Beware the bubble as capital city property prices run hot
Sydney and Melbourne property markets are running hot with Sydney auction clearance rates just shy of 90 per cent and Melbourne's clearance rates just under 80 per cent.
Experts say house prices are not in bubble territory yet, but there are danger signs. The international Monetary Fund (IMF) says it is concerned about rising house prices around the world but it did not single out Australia.
But house prices are expected to be on the agenda when the IMF economists have their scheduled meeting in Australia in November.
According to RP Data, house prices have risen by more than 5 per cent in Sydney over the past three months and by more than 6 per cent in Melbourne over the same period.
Whether those prices will continue to rise at an annualised rate of more than 20 per cent remains to be seen.
The problem is that Australian house prices are already high by world standards. Most analysis compares prices with median income or rental yields. The result of those calculations is that Australian house prices are about 20 per cent higher than overseas house prices. The big boom in prices occurred between 1996 and 2003 when prices doubled.
Since then, Sydney house prices have moved only a little bit higher but the risk is the same as it has been for the past 10 years: unemployment rises sharply and overcommitted households become forced sellers. The level of housing debt to income remains high. In 1996 it was about 70 per cent, now it's about 150 per cent.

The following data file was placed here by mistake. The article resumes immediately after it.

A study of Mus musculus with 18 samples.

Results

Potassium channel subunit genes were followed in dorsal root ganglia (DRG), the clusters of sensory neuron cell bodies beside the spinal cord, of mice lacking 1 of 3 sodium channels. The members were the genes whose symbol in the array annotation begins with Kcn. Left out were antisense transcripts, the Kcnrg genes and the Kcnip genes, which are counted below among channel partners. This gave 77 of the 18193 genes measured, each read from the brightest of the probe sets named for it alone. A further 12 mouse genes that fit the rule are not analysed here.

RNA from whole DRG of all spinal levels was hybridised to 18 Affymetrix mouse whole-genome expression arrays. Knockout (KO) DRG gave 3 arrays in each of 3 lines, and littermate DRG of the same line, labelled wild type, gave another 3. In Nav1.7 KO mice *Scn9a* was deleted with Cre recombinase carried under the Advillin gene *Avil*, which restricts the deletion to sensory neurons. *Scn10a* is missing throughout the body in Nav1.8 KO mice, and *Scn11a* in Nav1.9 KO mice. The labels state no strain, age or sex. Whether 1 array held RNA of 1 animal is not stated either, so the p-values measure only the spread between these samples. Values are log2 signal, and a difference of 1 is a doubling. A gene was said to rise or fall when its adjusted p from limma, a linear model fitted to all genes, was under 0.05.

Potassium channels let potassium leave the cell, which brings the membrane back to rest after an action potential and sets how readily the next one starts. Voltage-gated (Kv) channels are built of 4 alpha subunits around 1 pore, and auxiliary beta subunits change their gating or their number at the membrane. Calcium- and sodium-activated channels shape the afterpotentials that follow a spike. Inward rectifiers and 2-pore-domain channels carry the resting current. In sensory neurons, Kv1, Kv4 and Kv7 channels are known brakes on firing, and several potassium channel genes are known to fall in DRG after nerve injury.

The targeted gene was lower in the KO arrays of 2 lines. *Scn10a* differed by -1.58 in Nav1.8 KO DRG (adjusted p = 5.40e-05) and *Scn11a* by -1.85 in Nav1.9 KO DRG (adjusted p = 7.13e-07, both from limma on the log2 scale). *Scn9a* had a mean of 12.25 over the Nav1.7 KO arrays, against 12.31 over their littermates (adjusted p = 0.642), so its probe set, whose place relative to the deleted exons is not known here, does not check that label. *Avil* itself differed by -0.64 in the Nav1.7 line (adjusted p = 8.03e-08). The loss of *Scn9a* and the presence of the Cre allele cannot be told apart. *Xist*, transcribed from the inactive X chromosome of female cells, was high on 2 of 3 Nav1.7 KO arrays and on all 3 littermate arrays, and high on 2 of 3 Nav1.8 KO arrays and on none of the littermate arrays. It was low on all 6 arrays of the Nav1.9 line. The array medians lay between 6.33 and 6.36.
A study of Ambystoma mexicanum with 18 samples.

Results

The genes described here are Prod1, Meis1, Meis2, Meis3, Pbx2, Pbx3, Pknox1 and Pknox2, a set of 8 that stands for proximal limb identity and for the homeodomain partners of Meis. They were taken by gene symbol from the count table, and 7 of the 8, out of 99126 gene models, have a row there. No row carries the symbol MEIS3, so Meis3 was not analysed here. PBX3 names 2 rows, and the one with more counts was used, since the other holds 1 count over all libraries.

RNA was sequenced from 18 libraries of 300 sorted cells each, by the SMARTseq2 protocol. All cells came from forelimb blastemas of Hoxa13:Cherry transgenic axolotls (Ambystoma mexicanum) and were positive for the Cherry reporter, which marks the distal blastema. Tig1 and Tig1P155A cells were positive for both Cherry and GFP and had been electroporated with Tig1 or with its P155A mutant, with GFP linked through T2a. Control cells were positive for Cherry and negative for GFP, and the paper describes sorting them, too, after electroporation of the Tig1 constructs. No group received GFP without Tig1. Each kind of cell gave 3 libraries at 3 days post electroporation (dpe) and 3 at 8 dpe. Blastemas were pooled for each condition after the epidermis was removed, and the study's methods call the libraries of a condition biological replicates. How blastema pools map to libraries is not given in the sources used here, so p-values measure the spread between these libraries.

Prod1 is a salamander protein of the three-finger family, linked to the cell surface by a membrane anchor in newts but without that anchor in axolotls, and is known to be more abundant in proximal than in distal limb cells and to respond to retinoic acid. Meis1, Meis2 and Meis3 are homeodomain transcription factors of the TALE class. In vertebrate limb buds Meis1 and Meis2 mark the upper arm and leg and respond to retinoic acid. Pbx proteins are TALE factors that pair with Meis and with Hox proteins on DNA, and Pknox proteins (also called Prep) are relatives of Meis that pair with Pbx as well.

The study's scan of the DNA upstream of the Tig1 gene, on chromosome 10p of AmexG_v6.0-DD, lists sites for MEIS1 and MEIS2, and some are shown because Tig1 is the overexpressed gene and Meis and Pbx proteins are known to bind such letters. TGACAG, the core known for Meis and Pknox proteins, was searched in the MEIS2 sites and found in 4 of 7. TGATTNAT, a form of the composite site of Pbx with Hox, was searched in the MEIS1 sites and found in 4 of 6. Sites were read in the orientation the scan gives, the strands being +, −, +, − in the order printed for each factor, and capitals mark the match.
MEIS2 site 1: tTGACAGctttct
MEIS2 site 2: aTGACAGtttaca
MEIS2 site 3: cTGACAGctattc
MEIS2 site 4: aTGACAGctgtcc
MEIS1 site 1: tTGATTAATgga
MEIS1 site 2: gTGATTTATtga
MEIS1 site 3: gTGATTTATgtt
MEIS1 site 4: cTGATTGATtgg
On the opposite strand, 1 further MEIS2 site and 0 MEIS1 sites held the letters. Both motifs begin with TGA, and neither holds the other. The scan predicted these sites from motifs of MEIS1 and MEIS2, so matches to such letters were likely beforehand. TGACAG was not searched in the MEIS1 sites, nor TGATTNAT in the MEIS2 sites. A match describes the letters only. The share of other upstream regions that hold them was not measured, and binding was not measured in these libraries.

But unemployment, although rising, remains low and the banks report low levels of defaults. There is no obvious trigger that would cause house prices to crash. And the Australian housing market is different to most overseas markets.
Australia's population lives in a few relatively large cities. The release of land on the outskirts of our cities is constrained and immigration and demand remains strong. And the rules by which foreigners can buy real estate are relatively liberal. There is also the aspiration of Australians for home ownership. That means our market is dominated by lifestyle factors rather than purely investment factors, making buyers more prepared to pay more for a house than would a hard-headed investor.
However, some investors may be prepared to pay more because of negative gearing, which applies when the rent does not cover the interest costs and other expenses, and the shortfall reduces the investor's income on which tax has to be paid.
Other investments, such as shares, can be negatively geared but landlords claim about $40 billion year in tax deductions.
Perhaps one way of containing house price growth is to limit the losses that can be used to reduce income tax.
The concern is not so much where prices are now but what they will rise to. And remember, our banks are heavily exposed to residential property mortgages.